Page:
The Local Spain
Spain overturns decision to remove temporary residence for those who have been outside the country for six months. Photo: JOSEP LAGO / AFP

Spain's Supreme Court has ruled that temporary residency permits will not be withdrawn from those who have been outside the country for six months or more.


The court concluded that the article is null and void because it limits the fundamental right of free movement of foreign citizens with temporary residence in Spain.  

READ ALSO: Can I live in another EU country with a Spanish residency permit? 

This means that temporary residency can only be removed by force of law, not because of how long you’ve been out of the country, as has been the case for years.   

One of the reasons for the ruling was the case of an Iranian citizen who appealed when her temporary residence and work permit in Spain were declared void in 2019 in Girona (Catalonia) for having remained outside the country for more than six months, according to the report issued by Barcelona-El Prat Airport.  

The woman left Spain in July 2018 and remained outside the country for a period of more than six months, until July 2019, which she claimed was due to the fact she had to undergo surgery in Turkey and was waiting for another operation.  

READ ALSO: Can you use your Spanish residency card rather than your passport to travel?

The woman initially appealed to the Superior Court of Justice of Catalonia, which dismissed her claims, saying the cause was not justified.

Four years later, Spain's Supreme Court has overturned the original decision of the government's subdelegate office of Girona, setting a precedent for future cases.

Judge Wenceslao Olea stressed that any removal of temporary residency permits due to a six-month absence can only be executed if an organic law states so, and not if it's according to a rule in the Reglamento de Extranjería (Migration Regulations).

According to the courts, the article limits the fundamental right of free movement of foreign citizens with temporary residency in Spain.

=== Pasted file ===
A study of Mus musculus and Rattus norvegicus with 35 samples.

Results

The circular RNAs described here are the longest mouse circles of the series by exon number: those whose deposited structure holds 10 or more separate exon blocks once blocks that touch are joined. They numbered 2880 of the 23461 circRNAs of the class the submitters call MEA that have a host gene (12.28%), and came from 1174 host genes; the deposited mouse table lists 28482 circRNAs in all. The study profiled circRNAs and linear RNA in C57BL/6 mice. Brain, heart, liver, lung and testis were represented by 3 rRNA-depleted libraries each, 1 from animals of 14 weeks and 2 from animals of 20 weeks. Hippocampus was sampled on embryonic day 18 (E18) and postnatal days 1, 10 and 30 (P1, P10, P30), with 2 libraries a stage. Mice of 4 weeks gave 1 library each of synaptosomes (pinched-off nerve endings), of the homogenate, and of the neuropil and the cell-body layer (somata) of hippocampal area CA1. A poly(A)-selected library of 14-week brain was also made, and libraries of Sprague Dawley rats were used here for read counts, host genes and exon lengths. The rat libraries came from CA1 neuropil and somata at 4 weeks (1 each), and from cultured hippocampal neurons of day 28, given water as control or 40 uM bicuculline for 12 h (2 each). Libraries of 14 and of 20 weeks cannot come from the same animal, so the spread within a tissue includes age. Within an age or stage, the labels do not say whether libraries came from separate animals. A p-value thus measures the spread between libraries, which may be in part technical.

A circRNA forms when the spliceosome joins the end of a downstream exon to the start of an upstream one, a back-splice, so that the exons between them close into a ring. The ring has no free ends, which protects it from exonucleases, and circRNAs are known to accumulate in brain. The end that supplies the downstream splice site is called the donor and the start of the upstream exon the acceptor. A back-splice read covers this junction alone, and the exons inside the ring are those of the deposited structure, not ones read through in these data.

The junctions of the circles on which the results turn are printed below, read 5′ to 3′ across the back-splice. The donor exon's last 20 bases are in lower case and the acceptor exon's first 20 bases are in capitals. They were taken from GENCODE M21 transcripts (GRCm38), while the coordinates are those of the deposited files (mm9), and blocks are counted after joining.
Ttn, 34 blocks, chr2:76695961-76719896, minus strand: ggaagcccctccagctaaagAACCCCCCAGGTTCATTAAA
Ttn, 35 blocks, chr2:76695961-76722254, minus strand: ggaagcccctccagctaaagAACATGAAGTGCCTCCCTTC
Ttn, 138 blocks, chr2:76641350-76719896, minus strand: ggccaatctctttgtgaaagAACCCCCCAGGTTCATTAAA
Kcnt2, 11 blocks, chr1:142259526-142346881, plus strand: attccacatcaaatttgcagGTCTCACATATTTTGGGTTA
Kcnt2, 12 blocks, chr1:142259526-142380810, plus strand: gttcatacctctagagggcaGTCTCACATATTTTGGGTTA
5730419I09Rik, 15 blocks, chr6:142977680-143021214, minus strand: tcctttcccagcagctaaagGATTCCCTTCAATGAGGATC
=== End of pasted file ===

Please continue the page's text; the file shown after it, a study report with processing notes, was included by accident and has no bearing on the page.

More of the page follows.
"If the Spanish government wants this rule to continue to be valid, it must reform the immigration law". 

Organic laws require an absolute majority in the Spanish Parliament to be modified.  


"It has affected thousands of people for years…. that became especially clear during the pandemic," he added about the fact that many residency permits were cancelled during this time of border closures, international restrictions and lack of transport. 

The ruling and subsequent annulment of the rule now means that anyone who has temporary residence in Spain, which is up to five years, can now leave the country for more than six months in a year if necessary and will not have to worry about losing their permit when they return. 

After having lived in Spain for five years, non-EU nationals are able to apply for a long-term residency card. 


"After having lived in Spain for five years, non-EU nationals are able to apply for a long-term residency card" - do you know when the five years starts, is it when you arrived, or when you got your NIE / TIE? And... if I leave for more than 6 months within my first 5 years... do I have to wait longer to apply for Permanent Residency, or it doesn't matter?! Thanks!
Kevin Donnelly 2023/06/23 03:11
From this article, the immediate question seems to be how this will affect the NLV, limiting residents to 10 months total during their five years prior to eligibility for permanent residency. If I understand that constraint and this ruling, that limit is also likely abolished until/unless law is created to handle that circumstance.